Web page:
Tuesday, January 13, 2009

The Texas Legislature is in Session

The Texas Legislature convenes today to confront an assortment of issues. Hundreds of bills, addressing a wide variety of issues, have already been filed for legislators to consider. It should not be a surprise that many of these threaten individual rights and further expand the power of government. While legislators will be debating some serious issues, such as road construction and gambling, they will also be poking around in the smallest details of our lives.

As an example of the micro-managing now common in government, H.B. No. 153 addresses
"the promotion of students to certain grade levels in public schools". The bill seeks to amend the criteria by which students can be promoted to the next grade level. While objective standards are certainly necessary, education is not a proper function of government. In addition to exceeding their legitimate powers, legislators are now spending their time debating the precise criteria that should be used to determine if Johnny should be promoted to the fourth grade. In total, 151 bills have been introduced that deal with education.

The focus on minute details extends beyond education. Three separate bills have been introduced to amend "hurricane preparation supplies" that are exempt from the state sales tax. Here is a sampling of the supplies S.B. No. 360 lists:

(1) an artificial ice product, the sales price of which does not exceed $10;
(2) an item listed in this subdivision, the sales price of which does not exceed $20:
(A) a portable, self-powered light source regardless of whether the item also has an electrical cord;
(D) an oil-fueled torch, including a tiki torch;
(E) a candle;
(F) duct tape;
(H) a first aid kit;
(4) an item listed in this subdivision, the sales price of which does not exceed $30:
(A) a AAA, AA, C, or D cell or 6-volt or 9-volt battery, including a rechargeable battery, other than an automobile, boat, or cellular telephone battery;
(5) a cellular telephone battery charger, the sales price of which does not exceed $40;
(6) an item listed in this subdivision, the sales price of which does not exceed
(A) a battery-powered or self-powered radio, including a two-way radio or weather band radio, regardless of whether the item also has an electrical cord;
(D) a bungee cord or similar elastic cord;
A lot of questions went through my mind as I read down this list. Why is the state legislature even putting together such a list? Apparently, they have compiled a list of "approved hurricane preparation supplies" and anything not on that list cannot be used to prepare for a hurricane. Where did the dollar amounts come from, and why those numbers? If I want to buy a first aid kit that costs more than $20 I must pay sales tax, but it it costs $19.99 it is exempt. This is purely arbitrary and it illustrates the absurdities that lawmakers consider. Besides, if you are paying $20 for a Tiki torch (which is a brand name and subject to trademark rules) you are buying a very nice Tiki torch.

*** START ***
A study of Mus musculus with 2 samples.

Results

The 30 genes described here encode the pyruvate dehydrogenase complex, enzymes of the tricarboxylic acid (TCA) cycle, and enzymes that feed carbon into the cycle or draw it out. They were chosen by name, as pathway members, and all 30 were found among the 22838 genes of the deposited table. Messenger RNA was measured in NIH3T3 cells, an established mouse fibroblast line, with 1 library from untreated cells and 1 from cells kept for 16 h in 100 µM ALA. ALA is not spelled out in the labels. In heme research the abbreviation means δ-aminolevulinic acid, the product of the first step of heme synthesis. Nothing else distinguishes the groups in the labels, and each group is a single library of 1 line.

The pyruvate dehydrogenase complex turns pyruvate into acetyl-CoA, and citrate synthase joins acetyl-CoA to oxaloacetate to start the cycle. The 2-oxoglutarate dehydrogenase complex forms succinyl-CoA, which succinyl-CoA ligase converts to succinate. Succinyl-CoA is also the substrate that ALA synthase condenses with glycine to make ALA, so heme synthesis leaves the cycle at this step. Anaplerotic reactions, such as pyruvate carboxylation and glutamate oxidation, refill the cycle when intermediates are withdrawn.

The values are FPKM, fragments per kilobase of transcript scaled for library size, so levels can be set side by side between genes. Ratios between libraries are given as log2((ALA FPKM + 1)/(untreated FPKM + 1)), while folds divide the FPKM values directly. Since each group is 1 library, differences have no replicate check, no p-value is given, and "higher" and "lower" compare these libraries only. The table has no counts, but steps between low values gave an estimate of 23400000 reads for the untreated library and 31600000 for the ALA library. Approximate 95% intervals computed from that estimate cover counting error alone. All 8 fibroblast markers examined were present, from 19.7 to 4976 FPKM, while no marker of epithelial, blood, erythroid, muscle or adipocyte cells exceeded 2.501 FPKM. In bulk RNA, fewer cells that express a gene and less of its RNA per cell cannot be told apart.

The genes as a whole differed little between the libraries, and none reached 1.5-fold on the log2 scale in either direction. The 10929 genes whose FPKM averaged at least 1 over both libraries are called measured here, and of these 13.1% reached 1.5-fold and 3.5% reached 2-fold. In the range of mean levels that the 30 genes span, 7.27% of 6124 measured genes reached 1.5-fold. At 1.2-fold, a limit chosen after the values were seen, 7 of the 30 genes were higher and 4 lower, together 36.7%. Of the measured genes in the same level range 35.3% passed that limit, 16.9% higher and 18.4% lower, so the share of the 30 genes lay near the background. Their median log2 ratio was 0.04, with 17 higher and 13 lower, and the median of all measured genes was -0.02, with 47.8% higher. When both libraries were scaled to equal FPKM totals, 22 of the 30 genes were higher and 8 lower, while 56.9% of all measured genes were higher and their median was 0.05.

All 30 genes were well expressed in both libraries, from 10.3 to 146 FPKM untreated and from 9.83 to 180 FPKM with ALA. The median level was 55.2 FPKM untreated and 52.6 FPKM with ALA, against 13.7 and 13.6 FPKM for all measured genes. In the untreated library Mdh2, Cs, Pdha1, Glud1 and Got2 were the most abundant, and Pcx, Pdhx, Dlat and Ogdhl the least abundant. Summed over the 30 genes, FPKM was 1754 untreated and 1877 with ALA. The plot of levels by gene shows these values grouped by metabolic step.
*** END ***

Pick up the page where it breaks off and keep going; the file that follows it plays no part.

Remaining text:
While our elected officials are pondering the price of bungee cords and water jugs, they will also consider more serious matters, such as requiring certain businesses and service providers to have generators. Six different bills have been introduced to require certain service stations, nursing homes, and water and sewer service providers to be able to operate after a storm. In addition, the operators must keep make certain documentation relating to the installation and testing of the equipment available to state officials.

After Ike, the first station I found that had gasoline did not have electrical power. A generator certainly would have been helpful in that situation. However, that is properly a decision that should be made by the station owner, not politicians sitting in Austin. If a station owner decides that the cost of such equipment is not wise, then he will bear the consequences of his decision.

Politicians will argue that service stations provide a vital "public service"-- without fuel, homeowners cannot run generators and other service providers cannot travel. But the importance of any particular business is not justification for mandating that the owner act against his own judgment. The owner has a moral right to use his property--including his money-- as he chooses. To force him to install equipment so that he can operate after a storm is to declare that his business and his life are the property of the state.

It is often said jokingly that nobody's rights or money are safe when the legislature is in session. But the violation of our rights and the confiscation of our property are not joking matters. Legislators are intent on controlling more and more of our lives, and it is time that citizens took that matter very seriously. It truly is a matter of life and death.

1 comment:

Anonymous said...

Maybe the Legislature is taking a page from the President's book, and "chunking" their free market principles out the window.